With a seemingly barren farm system, the Mets front office knew the importance of the 2008 draft. With three of the first 35 picks due to free agent losses, the Mets were poised to make some big splashes. We’ll go over how they did with each pick.
1:18- 1B/OF Ike Davis, Arizona State University
Davis is a big left-handed hitter who feasted on some weak college pitching. Although he has a sweet swing, Davis needs to develop wood-bat power and learn to take walks, two key aspects of being a slugging first baseman. Although the sample size is relatively small, Davis has thus far disappointed while playing for the Cyclones. Sure, his .274 average (entering Monday) looks nice, but Davis is yet to draw a walk thus far this season, giving him the unique distinction of an on-base average (.270) lower than his batting average. Davis has also yet to hit a homerun so far this season, and his seven doubles leave him with a mundane .370 slugging average. With a .640 OPS, Davis has not been showing Mets fans that he could be the next big thing at Shea.
The Mets could have left Davis off the board at this point, knowing they had the intention of picking up a hitter in Reese Havens a few slots later, and gone with a pitcher. A nice choice would have been lefty Christian Friedrich from Eastern Kentucky University. The 6’3 lefty has great stuff that also seems polished for a youngster and could lead him up an organization ladder quickly. Friedrich went 1:25 to the Rockies.
1:22- SS/2B Reese Havens, University of South Carolina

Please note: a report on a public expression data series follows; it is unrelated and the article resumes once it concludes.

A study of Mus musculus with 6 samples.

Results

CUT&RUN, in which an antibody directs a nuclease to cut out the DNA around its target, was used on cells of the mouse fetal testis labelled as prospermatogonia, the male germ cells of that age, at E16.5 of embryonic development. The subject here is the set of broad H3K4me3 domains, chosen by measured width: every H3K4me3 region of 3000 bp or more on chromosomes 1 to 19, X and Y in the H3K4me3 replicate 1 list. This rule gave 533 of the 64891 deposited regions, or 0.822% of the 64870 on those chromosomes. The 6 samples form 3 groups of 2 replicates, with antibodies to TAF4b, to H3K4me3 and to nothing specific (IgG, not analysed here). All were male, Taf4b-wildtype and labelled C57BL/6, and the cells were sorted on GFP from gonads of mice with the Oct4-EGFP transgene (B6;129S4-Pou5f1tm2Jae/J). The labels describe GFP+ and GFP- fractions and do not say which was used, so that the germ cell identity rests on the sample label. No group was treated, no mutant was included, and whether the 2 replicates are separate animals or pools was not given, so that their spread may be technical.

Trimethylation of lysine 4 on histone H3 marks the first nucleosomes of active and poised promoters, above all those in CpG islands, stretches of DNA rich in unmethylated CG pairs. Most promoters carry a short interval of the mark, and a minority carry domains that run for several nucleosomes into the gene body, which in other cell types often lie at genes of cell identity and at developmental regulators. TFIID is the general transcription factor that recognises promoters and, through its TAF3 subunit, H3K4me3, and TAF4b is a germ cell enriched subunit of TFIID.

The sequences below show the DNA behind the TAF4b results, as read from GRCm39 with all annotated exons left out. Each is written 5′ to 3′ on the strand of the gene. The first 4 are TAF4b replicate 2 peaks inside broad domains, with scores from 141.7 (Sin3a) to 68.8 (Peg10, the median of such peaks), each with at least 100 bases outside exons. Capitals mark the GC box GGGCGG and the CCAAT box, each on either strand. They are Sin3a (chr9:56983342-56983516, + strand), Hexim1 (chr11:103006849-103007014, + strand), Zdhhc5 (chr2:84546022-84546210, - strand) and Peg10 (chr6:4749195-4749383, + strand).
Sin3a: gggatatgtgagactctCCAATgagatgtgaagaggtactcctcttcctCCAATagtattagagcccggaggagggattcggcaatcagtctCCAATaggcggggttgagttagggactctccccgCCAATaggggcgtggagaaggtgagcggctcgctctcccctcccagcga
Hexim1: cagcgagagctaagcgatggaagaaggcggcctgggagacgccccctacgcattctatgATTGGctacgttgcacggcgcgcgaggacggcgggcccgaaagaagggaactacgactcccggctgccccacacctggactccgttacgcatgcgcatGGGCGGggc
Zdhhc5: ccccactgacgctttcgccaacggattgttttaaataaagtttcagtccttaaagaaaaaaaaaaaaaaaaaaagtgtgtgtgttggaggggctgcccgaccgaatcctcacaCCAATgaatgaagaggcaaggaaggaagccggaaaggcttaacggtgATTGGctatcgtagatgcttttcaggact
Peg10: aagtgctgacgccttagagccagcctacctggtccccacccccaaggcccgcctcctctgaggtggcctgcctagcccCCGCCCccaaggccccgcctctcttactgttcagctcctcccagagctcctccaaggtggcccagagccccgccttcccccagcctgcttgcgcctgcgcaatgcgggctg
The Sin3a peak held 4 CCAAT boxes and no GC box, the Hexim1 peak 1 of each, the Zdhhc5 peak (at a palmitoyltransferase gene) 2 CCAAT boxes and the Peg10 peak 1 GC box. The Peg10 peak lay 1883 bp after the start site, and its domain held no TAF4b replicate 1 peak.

A lot of scouts and insiders alike praised this pick, and there’s little wonder as to why. Havens has the versatility to move around the diamond, slotted now as a second baseman, but could very well find himself as a catcher, a position the Mets are severely lacking within their farm system. Havens, a six-foot, one-inch left-handed hitter, has done well thus far playing alongside Davis in Brooklyn. Although his average (.240) might not seem like much, he’s showing the plate discipline and power that Davis should be looking to adapt. In just 50 at-bats, Havens has hit two homers and five doubles, good for a .420 slugging average. His plate discipline has been solid as well, as he has a 15:9 strikeout-to-walk ratio, making his average irrelevant due to his solid .367 OBP.
Even though the Mets took Davis, Havens seems like the right choice here. He’s a patient and intelligent hitter with a real quick bat from the left side and has the ability to move around on the field. If successfully converted to a catcher, he can provide some offense to a position that usually lacks any real power.
1A:33- SP Bradley Holt, UNC-Wilmington
The Mets took the same route the Florida Marlins have taken in recent years. Draft the biggest, baddest, hard-throwing pitcher that projects well with a high ceiling, and make sure your minor league coaches do what is necessary to make him a star. Brad Holt is a big, right-handed boy at 6’4” and can throw the ball in the mid-to-high 90s consistently. However, like most pitches his size with his stuff, he’s not polished just yet. Many scouts see Holt as a sleeper pick, because given the right coaching staff, he can become a front-end starter. His biggest problem is throwing strikes, and thus far in Brooklyn he has managed to do all right in that category. In 23 innings, he has walked 10 batters, which is definitely not overly encouraging, but not catastrophic, either. More impressive has been Holt’s dominance of batters when he is able to throw the ball for strikes. Holt has struck out 30 batters in just those 23 innings, a wonderful ratio. He’s yet to allow a homerun and he’s given up just 14 hits, contributing to a 1.96 ERA on the season.
The great thing about prospects is that we really can’t predict much with great accuracy. All we can hope to do is gain the most knowledge on the draft pool possible and make the most calculated and well-scouted decisions. Knowing who can be the next Todd Van Poppel or Tim Lincecum also has a great deal to do with luck. However, when the Mets look back at their first three picks, they just need to hope they don’t regret not picking the guy that was chosen next.